Thursday, 17 November 2011

With a pile of books beside me

For as much of my life as I could get away with I have gone to sleep with books.  I used to read voraciously and bedtime reading was a way to finish up, slow down, cap off the day with an imaginary and fantastic world. Eye problems and age (I fall asleep when I read) make me less readerly, but not less interested in stories.  These days it is audio books and traditional books with a lot of pictures that capture me.

Thankfully knitting books have a lot of pictures!

Last night I pulled out yet more lace books.  I have three of the 4 Interweave lace series, Tradtional Lace Shawls, The Lacy Knitting of Mary Schiffmann, and Gossamer Webs.  I would love to get my hands on a copy of the now out of print Lace from a Victorian Attic, but am a little bit reluctant to pay the premium price that it demands.  

Traditional Lace Shawls is what I was going through last night (while watching Amadeus, a smashing combination) and I just have to say what an excellent little book it is.  It isn't the biggest, it isn't the most comprehensive, but it is a sound little collection of traditional Shetland style shawl elements.  With it, you could happily create and knit shawls for a lifetime.

Taking this time before my planned year of big lace and reading through the books rather than picking elements and knitting is like taking a lace workshop from a whole lot of master knitters, and masterful thinkers.  Its the little things, things like some of Margaret Stove's comments on the gauge of lace and her continuous swatches to get a needles size that shows off the lace elements to their best.  There isn't any one thing that I can point to in last night's meandering read that strikes me as a revelation, but I feel so deeply inspired by the simple things I read last night,  so in tune to the lace knitters who captured air and space and created lace.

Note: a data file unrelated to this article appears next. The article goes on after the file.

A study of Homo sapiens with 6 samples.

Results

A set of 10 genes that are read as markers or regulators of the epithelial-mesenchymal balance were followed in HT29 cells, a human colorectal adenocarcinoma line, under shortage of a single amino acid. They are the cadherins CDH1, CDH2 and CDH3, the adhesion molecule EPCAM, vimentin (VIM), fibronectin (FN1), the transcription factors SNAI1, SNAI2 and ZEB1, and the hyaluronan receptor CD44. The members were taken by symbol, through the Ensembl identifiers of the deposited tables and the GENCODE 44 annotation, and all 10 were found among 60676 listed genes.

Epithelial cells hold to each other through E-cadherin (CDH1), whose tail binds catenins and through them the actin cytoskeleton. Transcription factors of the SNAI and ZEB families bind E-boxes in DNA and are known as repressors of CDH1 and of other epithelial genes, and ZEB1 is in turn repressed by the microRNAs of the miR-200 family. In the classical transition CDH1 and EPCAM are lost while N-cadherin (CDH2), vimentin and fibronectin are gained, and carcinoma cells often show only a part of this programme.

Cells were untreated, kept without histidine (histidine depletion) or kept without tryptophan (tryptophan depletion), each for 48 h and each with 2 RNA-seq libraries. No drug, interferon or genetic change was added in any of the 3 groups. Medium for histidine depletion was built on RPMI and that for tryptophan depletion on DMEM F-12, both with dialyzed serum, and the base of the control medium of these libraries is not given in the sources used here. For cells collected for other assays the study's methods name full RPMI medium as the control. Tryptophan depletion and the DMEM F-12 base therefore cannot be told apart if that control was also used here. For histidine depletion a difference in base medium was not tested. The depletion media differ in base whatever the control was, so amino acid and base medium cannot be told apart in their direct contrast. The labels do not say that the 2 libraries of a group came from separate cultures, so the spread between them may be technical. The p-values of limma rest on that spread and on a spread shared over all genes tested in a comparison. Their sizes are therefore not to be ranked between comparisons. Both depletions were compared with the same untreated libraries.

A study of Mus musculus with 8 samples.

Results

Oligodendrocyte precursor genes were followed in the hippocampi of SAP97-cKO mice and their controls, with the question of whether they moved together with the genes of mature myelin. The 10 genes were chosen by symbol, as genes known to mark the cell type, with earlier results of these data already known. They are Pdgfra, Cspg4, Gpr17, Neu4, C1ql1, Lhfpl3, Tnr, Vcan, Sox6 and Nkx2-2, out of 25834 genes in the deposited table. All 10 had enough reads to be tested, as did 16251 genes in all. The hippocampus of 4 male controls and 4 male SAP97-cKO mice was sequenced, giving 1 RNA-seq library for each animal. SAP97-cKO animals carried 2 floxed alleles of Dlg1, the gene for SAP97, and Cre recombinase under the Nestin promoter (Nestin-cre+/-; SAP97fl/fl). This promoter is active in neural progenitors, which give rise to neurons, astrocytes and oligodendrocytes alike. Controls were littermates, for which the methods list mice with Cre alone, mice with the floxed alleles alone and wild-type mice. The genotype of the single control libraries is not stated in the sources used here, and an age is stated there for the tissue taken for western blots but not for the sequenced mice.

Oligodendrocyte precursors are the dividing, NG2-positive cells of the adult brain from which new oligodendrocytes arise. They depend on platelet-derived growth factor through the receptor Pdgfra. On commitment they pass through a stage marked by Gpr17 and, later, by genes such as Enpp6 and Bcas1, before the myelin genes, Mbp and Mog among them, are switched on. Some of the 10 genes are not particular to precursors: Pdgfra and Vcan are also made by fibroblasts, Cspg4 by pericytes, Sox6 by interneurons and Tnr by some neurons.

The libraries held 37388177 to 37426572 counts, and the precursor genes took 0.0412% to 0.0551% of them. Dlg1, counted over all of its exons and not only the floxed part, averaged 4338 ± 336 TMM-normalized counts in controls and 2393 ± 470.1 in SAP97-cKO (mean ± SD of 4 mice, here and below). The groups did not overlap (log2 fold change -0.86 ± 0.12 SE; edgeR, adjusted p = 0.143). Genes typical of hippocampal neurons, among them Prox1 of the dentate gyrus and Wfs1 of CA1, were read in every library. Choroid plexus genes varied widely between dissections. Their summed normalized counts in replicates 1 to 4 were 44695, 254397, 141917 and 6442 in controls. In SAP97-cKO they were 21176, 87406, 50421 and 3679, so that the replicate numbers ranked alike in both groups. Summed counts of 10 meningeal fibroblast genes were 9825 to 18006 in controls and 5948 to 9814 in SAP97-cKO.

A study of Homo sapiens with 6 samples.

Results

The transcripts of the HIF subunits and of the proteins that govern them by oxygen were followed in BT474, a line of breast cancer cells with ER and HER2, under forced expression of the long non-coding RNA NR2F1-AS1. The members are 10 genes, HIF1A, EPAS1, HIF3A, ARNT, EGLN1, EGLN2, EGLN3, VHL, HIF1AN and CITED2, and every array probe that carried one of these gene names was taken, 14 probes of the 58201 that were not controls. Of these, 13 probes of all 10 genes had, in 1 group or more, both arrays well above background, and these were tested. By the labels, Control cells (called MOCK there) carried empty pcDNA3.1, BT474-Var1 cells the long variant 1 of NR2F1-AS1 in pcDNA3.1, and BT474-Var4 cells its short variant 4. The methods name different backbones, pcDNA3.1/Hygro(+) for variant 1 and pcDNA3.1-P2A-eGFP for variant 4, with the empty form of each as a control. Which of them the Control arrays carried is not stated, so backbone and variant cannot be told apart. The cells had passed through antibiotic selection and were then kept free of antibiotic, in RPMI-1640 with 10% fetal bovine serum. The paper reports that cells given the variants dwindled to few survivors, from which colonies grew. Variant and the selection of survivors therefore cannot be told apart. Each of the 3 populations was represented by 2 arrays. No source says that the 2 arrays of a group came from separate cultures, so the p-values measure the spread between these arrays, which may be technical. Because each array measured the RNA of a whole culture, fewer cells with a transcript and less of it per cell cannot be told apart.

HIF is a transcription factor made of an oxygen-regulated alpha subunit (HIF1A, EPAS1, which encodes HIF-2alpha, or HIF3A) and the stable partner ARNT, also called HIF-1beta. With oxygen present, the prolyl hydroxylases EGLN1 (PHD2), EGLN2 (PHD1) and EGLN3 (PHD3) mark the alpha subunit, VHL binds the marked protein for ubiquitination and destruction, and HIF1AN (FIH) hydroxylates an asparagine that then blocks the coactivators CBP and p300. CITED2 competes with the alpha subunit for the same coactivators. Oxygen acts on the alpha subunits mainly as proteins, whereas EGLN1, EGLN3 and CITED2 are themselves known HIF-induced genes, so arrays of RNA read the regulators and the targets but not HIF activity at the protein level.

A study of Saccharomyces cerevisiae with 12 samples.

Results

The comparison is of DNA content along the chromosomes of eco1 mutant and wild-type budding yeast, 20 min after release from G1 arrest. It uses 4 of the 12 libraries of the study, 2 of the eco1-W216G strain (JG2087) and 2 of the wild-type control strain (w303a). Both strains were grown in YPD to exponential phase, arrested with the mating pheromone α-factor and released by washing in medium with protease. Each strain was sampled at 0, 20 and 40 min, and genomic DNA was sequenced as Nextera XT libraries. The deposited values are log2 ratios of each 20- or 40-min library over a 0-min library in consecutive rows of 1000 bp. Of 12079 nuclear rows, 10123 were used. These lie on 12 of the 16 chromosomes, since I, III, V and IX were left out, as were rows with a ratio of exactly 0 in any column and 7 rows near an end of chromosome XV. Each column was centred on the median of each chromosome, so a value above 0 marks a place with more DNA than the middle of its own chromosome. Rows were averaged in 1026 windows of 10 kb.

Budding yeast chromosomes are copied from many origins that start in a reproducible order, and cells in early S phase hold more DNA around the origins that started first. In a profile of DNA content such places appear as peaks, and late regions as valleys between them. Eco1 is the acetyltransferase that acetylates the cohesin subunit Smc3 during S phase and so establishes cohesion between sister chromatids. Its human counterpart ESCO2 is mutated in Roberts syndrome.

There is't a lot of stuff to talk about while knitting the body of a large mans sweater in stockinette. There isn't any illumination in it, just comfort and ease and rest.  But knitting these things now, when I have a short timeline and am knitting as much as I can, knitting till my hands tell me to stop, is giving me such time to dream, such time to plan and think and consider.  

Beyond dreaming of knitting them, part of it is dreaming of delving into the lace stash but much of it is also contemplating the state of modern lace.  

There are still the traditional shawls knit with frevor.
(Stil blocking edges on this one.  Or rather still waiting to find make time though knitting is long done.)  

But there is also the diversity and grand invention that is modern lace shawl knitting.  Diversity of shaping, diversity of motif placement and construction, diversity in edgings.  Take a look at this, Atelier Audrea Baron Takes the breath quite away, doesn't it?  That motif in the first shawl is simply stunning.  And then her Ravelry page.  There are no words... I mean look at those edgings!  I crave to understand the edgings.

She is just one of many many many really great people out there pushing the limits, taking lace knitting one step farther than it has ever been, keeping it fresh and fitting for our time, keeping the tradition of lace knitting alive and growing. 

Lace lives. 

And I am having a really, really great time thinking about it all. 


1 comment:

Brendaknits said...

I can see it. I can feel it. I can taste it. That would be the dust as in 'left behind in the dust. Which is where I will be when you start your wonderful year of lace. Can't wait to follow along. - at a distance.